On Dec. 30, Mike Wondrow and his two dogs, Drake, an 11-week-old German wirehaired pointer, and Avery, a 2-year-old chocolate Lab, were intending to hike for pheasants on the Gordon W. Yaeger Wildlife Management Area, much of which lies in the Rochester city limits.
The hunt hadn’t yet begun when the young wirehair sniffed out an unexpected find: a pile of about 30 dead whitetail deer carcasses and deer heads, along with a handful of frozen Canada geese, a duck and a discarded rubber glove.
Some of the carcasses, Wondrow said, had their throats slit, apparently so glands could be removed for chronic wasting disease (CWD) testing. At least three heads and/or carcasses had hunter’s site tags attached to them, identifying who had killed the animals. The remaining carcasses were intact and in various stages of decomposition, along with the waterfowl.
Believing he had stumbled onto a bone yard of poached wildlife, Wondrow, 31, called the Department of Natural Resources (DNR), leaving a phone message for a local conservation officer.
“I never did hear back,’’ Wondrow said Thursday.
So he contacted KAAL-TV in Rochester, which first reported the story. He also posted a video of the dead animals on his Facebook page, which was viewed some 11,000 times.
Said Wondrow: “What bothers me is the deer were dumped on the wildlife management area about 5 feet from a trail used by quite a few people, including kids.’’
Wondrow did the right thing, reporting the wildlife dump site.
But he was surprised to learn it wasn’t the work of poachers, but the DNR itself. Some of the animals had been discarded by conservation officers and some by employees of the agency’s Rochester area wildlife office.
“Both enforcement and wildlife have used this site for a number of years,’’ said DNR spokesman Chris Niskanen, adding that road authorities statewide, as well as DNR employees, typically dump road-killed and other unusable wildlife on state lands for “natural’’ disposition.
In this case, however, the DNR acknowledges, mistakes were made. Some of the dumped deer had indeed been checked for CWD, they said, and the heads and carcasses of those animals should have been disposed of in the Olmsted County Kalmar Landfill, an action that belatedly occurred Wednesday. Such disposal is important because CWD “prions’’ can adhere to soil and the ground itself can become an infection source for grazing deer, elk and moose.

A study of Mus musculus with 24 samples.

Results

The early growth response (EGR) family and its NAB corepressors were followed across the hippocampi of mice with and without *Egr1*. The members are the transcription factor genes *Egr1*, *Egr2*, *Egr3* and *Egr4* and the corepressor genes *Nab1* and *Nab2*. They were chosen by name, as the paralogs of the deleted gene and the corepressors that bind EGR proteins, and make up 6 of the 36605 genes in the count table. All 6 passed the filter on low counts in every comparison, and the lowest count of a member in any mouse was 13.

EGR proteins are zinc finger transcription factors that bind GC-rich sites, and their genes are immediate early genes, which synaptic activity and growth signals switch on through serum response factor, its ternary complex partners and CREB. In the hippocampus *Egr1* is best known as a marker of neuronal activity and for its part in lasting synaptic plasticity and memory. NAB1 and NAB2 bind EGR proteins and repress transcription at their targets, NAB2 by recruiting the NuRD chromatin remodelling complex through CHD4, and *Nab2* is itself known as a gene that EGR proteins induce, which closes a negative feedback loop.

Rumors abound in the Rochester area that the deer were dumped before their CWD tests were complete. Niskanen denies this, saying deer in the pile that had been tested were negative for the disease.
Niskanen also said the site no longer will be used for deer and other wildlife disposal. In fact, the DNR this week is reviewing its policy on dumping wildlife that for one reason or another can’t be donated for consumption.
DNR lead wildlife researcher Lou Cornicelli said Thursday the deer heads at the site apparently originated from “head boxes’’ the DNR placed in the southeast in late November after two CWD-positive deer were killed by hunters near Lanesboro earlier that month. Muzzleloader and archery hunters — whose seasons still were open at the time — were asked to deposit heads of the animals in the boxes for testing by the DNR in Rochester.
This was before Cornicelli and his staff established a CWD disease management zone in the southeast, the nearest border of which lies some 30 miles from Rochester.
Carcasses from deer killed in the special hunt that started Saturday in the disease management zone and runs until Jan. 15 are not allowed to leave the zone until the animal is declared disease free, which takes three to five days.
The DNR hopes some 900 adult deer are killed in the hunt — a large enough sample, researchers say, to determine whether CWD is widespread in the region.
Deer killed in the hunt can be butchered at a DNR registration office in Preston, with the meat removed immediately from the disease zone. But the animal’s spine, brain and related material — generally where CWD resides in a carcass — must be deposited in a dumpster at the Preston site.
“The dumpster is taken to the Rochester landfill, which is a ‘lined’ facility,’’ Cornicelli said, acknowledging that some of the spines and brains might prove to be from CWD infected animals.
“We have three permitted methods of disposing of animals tested for CWD,’’ Cornicelli said. “One is incineration. Another is the alkaline ‘digester’ at the U. The third is a lined landfill.’’
The mistake made in Rochester, as Niskanen and others in the DNR said, was that the heads and carcasses of the first deer tested for CWD should have been dumped in the Rochester landfill, not willy-nilly on a wildlife management area, and especially not in or near an area regularly visited by hunters and others.
Wondrow said Thursday he’s given up expecting a return call from the DNR. However, he said, the agency seems to be aware he tried to contact them.
“A conservation officer has driven by my house three times,’’ he said.